Thursday, April 28, 2011

How to Interpret History to the Sci-Fi Fan: My Favorite Civil War Novel

I often struggled to find an answer to the comment often leveled by visitors that, "they were so backward back then," or that, "we know so much more now." Getting across the fact to visitors that much of science, especially the basics of Newtonian physics and electromagnetic, has been understood at their elemental level for generations is sometimes a tough order of business. I found myself at times trying to explain Alessandro Volta's invention of the Voltaic battery in 1800 or the use of the Turtle during the American Revolution. Still, compared to the explosions over Hiroshima and Nagasaki, the 19th century seems backwards and quaint. Their dreams seem limited in scope. They appear, in short, backwards.

The tool I finally found which helped the modern public to understand the advanced scientific knowledge of our 19th century counterparts was sitting in front of me the whole time. On my shelf is a copy of some of the collected works of Jules Verne. In 1865, Verne published De la Terre a la Lune in France. The tale is set immediately after the Civil War. Fatcat industrial-capitalists, fresh off the lucrative business of war profiteering and scarred by the wanton explosions of their wares, gather in the Baltimore Gun Club and scheme to craft a grand gun. When you don't know what to do, I guess you do what you know. Bored now that the grand war has ended, the men decide to cast a massive gun and shoot the moon.

Impey Barbicane spearheads the effort. The site of the launch is chosen in Florida, due to its proximity to the equator. The capsule is constructed of milled aluminum for economy of weight. The base of the capsule has a cushion or spring of water to dampen the launch's G-forces.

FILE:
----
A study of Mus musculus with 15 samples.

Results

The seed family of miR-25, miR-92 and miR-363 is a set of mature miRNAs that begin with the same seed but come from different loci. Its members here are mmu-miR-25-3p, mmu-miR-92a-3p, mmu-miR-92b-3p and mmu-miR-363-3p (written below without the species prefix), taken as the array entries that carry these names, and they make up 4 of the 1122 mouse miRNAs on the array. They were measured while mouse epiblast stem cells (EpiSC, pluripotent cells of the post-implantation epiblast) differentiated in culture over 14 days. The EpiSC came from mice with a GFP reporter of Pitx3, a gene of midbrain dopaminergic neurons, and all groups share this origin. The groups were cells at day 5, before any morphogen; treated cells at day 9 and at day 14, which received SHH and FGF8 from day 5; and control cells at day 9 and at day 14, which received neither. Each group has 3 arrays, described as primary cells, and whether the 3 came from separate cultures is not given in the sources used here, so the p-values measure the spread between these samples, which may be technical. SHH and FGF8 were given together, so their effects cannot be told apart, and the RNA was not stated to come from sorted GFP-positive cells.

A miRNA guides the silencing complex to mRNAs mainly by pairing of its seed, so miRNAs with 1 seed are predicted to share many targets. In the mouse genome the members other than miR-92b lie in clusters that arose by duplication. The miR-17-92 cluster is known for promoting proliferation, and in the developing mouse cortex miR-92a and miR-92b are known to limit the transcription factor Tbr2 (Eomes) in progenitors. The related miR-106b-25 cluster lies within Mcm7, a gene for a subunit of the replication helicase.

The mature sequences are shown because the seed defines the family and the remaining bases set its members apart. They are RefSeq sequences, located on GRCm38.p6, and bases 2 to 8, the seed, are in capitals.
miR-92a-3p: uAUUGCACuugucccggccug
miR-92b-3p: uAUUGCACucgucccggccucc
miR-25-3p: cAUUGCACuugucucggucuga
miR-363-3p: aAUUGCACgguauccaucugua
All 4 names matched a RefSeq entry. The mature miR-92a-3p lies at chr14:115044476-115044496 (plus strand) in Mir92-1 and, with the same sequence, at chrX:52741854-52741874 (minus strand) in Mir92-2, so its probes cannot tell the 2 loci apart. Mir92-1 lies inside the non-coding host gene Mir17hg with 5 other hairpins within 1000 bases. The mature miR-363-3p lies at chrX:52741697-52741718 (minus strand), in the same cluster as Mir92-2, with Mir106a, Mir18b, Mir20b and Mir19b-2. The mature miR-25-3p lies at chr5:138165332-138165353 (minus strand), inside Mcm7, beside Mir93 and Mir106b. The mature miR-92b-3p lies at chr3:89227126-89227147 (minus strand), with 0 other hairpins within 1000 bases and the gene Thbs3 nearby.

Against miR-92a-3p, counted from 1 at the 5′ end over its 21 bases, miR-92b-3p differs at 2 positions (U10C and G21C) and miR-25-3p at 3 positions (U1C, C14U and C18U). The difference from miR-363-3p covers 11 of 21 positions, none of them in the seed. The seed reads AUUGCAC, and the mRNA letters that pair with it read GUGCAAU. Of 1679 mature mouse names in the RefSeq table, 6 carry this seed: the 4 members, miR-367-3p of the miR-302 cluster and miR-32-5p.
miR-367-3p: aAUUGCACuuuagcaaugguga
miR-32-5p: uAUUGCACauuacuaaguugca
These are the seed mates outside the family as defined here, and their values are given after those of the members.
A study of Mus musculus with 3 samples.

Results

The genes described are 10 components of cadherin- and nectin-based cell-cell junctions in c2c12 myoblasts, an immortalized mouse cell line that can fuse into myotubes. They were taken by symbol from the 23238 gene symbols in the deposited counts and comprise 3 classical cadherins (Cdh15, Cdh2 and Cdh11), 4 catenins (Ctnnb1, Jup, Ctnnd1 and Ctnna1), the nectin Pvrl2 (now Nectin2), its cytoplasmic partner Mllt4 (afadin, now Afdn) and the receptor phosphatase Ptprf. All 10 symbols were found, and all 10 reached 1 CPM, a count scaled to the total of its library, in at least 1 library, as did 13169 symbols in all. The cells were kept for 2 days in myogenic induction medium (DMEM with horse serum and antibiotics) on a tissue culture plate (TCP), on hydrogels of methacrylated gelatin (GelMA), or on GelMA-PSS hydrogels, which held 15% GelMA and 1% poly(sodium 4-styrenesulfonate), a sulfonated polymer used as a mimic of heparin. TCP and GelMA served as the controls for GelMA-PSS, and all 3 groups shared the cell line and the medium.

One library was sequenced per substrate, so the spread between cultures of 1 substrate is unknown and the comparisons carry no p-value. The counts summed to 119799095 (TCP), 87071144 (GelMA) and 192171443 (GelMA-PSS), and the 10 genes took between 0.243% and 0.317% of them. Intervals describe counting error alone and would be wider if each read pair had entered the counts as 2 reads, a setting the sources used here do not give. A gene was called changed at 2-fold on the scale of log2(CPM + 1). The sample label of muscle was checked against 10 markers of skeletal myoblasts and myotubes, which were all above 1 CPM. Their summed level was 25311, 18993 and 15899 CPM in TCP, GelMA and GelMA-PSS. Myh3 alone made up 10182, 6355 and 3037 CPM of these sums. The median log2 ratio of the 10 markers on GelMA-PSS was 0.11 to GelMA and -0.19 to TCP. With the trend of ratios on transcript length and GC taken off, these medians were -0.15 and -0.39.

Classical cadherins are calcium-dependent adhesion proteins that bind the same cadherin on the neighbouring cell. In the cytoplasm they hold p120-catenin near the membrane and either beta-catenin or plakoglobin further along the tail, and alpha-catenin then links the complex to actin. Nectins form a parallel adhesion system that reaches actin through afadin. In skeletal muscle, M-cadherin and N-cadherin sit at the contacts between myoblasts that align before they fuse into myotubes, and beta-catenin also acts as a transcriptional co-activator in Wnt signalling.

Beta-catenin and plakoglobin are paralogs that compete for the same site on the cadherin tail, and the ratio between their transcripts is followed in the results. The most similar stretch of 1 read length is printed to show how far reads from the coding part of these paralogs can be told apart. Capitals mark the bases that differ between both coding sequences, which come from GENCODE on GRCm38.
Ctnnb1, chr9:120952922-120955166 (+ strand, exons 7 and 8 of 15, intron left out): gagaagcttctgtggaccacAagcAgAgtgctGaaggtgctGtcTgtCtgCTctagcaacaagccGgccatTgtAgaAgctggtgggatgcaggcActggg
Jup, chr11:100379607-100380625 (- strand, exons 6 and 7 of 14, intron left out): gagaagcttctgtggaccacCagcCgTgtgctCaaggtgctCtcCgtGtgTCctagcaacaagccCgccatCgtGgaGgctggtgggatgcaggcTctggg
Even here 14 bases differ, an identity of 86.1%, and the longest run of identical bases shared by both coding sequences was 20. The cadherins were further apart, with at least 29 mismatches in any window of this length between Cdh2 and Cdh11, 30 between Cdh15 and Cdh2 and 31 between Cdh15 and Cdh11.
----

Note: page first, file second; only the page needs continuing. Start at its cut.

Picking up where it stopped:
But what is most intriguing in reading De la Terre a la Lune and its continuation Autour de la Lune is how little the books reads like novels and how much they resemble physics textbooks. Verne made a decent stab at calculating the escape velocities needed to leave Earth's orbit. He devised a means of producing and recycling oxygen inside the cramped capsule.

Even more interesting is the fact that Barbicane and his two companions (arch-rival Captain Nicholl and French adventurer Michel Ardan) experience in Verne's imagination what the author could never have experienced. When the capsule is fired from the massive Columbiad gun, the three travelers are knocked to their feet. But as their capsule speeds into the aether, the men puzzle incessantly over why they felt the lanch but did not hear it. Finally, Barbicane is struck with a moment of inspiration:

But they had not forgotten themselves more than a quarter of an hour, when Barbicane sat up suddenly, and rousing his companions with a loud voice, exclaimed——

"I have found it!"

"What have you found?" asked Michel Ardan, jumping from his bed.

"The reason why we did not hear the detonation of the Columbiad."

"And it is——?" said Nicholl.

"Because our projectile traveled faster than the sound!"

The sheer fact that Verne could fathom the concept of supersonic flight and the implications of traveling faster than sound is mind boggling. He had never traveled in a jet going Mach I. Still, he could imagine the scientific concept. Likewise, later in the story the three encounter a passing asteroid. Its gravitational force on the capsule is great enough to divert the course of the men away from the moon. Still later one of the dogs the men brought along dies, and they eject the body from the capsule. It keep pace with their window, following the laws of conservation of motion. Verne imagined all of these things in a world we view as backward. The concepts were ancient and universal in Verne's age, so much so that he could employ them with ease.

The people of the Civil War were not backward by any stretch of the imagination. They mightn't have gotten to the moon in the 19th century, but their grasp of the concept of space travel was firm. They lacked nothing but time to work out the mechanical specifics and the political capital to focus millions of dollars on the task which John F. Kennedy engendered in the 1960s through Cold War fear and charismatic will. Neil Armstrong would not walk on the moon until 1969. But the science that got him there was alive and well over a century before.